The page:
D.A.’s Office needs 30 days to research Morris request


The Philadelphia District Attorney’s Office last week said it needs 30 days to research whether 911 recordings pertaining to the Nizah Morris incident are publicly accessible.

Morris was a transgender woman found with a fatal head wound in 2002, shortly after a courtesy ride from police. Her homicide remains unsolved.

The police department lost its entire Morris homicide file in 2003, and it remains possible that Morris 911 recordings were lost at the D.A.’s Office.

Since 2003, PGN has attempted to obtain complete 911 recordings for the Morris incident. Some Morris 911 recordings were released by authorities, but significant portions of them are inaudible.

In November 2015, PGN filed an open-records request with the D.A.’s Office for all Morris 911 recordings in its possession. The request ensued for about a year, while both sides participated in mediation, which was unsuccessful.

In September, the D.A.’s Office submitted an affidavit stating it doesn’t have “actual” Morris 911 recordings — apparently referring to 911 recordings originating internally within the D.A.’s Office.

On Jan. 3, PGN filed a new open-records request, clarifying that it’s seeking Morris 911 recordings originating at the police department, not the D.A.’s Office.

The D.A.’s Office said Jan. 10 it needed to conduct “a legal review” to “determine whether the requested materials are records subject to access under the [state Right-to-Know Law].”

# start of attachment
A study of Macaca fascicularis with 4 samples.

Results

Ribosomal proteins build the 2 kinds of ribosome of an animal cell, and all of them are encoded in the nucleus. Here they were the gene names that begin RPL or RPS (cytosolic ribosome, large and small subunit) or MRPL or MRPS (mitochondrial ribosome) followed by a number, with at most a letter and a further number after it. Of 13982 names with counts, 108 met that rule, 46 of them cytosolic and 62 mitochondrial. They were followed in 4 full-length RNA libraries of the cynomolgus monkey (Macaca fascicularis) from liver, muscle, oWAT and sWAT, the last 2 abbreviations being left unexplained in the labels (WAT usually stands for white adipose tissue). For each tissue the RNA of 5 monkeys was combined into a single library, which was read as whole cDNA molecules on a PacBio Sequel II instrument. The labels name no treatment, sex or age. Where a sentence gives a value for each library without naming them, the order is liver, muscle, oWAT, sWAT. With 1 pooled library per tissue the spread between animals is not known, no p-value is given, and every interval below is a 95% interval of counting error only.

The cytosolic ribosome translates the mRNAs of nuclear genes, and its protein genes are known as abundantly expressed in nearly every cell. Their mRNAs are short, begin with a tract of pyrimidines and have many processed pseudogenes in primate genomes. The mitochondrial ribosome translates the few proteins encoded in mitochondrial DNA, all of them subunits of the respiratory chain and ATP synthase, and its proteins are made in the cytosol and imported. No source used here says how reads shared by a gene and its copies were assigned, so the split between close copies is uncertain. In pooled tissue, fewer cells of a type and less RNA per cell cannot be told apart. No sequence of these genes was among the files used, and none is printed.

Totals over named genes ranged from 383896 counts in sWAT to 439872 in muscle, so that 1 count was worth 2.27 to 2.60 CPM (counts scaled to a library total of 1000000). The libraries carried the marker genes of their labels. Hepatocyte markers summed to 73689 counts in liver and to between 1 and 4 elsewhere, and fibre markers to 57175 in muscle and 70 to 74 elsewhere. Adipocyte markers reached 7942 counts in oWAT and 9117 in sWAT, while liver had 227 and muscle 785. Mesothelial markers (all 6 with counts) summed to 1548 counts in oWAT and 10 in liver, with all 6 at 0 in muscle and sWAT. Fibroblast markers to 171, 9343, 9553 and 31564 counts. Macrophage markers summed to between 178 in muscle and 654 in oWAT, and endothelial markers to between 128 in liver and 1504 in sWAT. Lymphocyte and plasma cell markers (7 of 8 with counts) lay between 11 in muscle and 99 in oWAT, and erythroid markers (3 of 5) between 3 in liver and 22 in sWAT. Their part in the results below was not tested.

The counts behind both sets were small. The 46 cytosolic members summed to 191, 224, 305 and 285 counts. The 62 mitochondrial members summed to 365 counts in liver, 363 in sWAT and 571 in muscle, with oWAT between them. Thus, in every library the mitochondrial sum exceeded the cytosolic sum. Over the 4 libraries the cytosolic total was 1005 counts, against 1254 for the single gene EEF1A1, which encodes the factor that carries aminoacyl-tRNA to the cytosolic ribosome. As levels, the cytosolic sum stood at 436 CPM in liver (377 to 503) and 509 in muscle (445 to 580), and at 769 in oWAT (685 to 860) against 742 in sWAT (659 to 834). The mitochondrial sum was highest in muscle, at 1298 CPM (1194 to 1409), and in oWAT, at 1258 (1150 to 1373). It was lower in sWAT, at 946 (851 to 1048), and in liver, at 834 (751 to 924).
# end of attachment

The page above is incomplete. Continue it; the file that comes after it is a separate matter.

A new deadline has been set for Feb. 9.

In 2011, the city’s Police Advisory Commission issued a subpoena to the D.A.’s Office for Morris 911 recordings. In response, the D.A.’s Office told the PAC it could only locate Morris 911 recordings provided by PGN. In 2013, the PAC took an unprecedented step of recommending state and federal probes of the Morris case.

Numerous LGBT organizations have called for an independent probe of the Morris case, including Gay and Lesbian Lawyers of Philadelphia, National Center for Transgender Equality, Mazzoni Center, Equality Pennsylvania, William Way LGBT Center, GALAEI, Racial Unity USA, Pennsylvania Student Equality Coalition, LGBT Elder Initiative, Human Rights Campaign, GLAAD and National LGBTQ Task Force.

Previous articleEditorial: Creating change
Next articleMore ways to travel better — and to new places — in 2017
Tim Cwiek has been writing for PGN since the 1970s. He holds a bachelor's degree in history from West Chester State University. In 2013, he received a Sigma Delta Chi Investigative Reporting Award from the Society of Professional Journalists for his reporting on the Nizah Morris case. Cwiek was the first reporter for an LGBT media outlet to win an award from that national organization. He's also received awards from the National Lesbian and Gay Journalists Association, the National Newspaper Association, and the Keystone Press.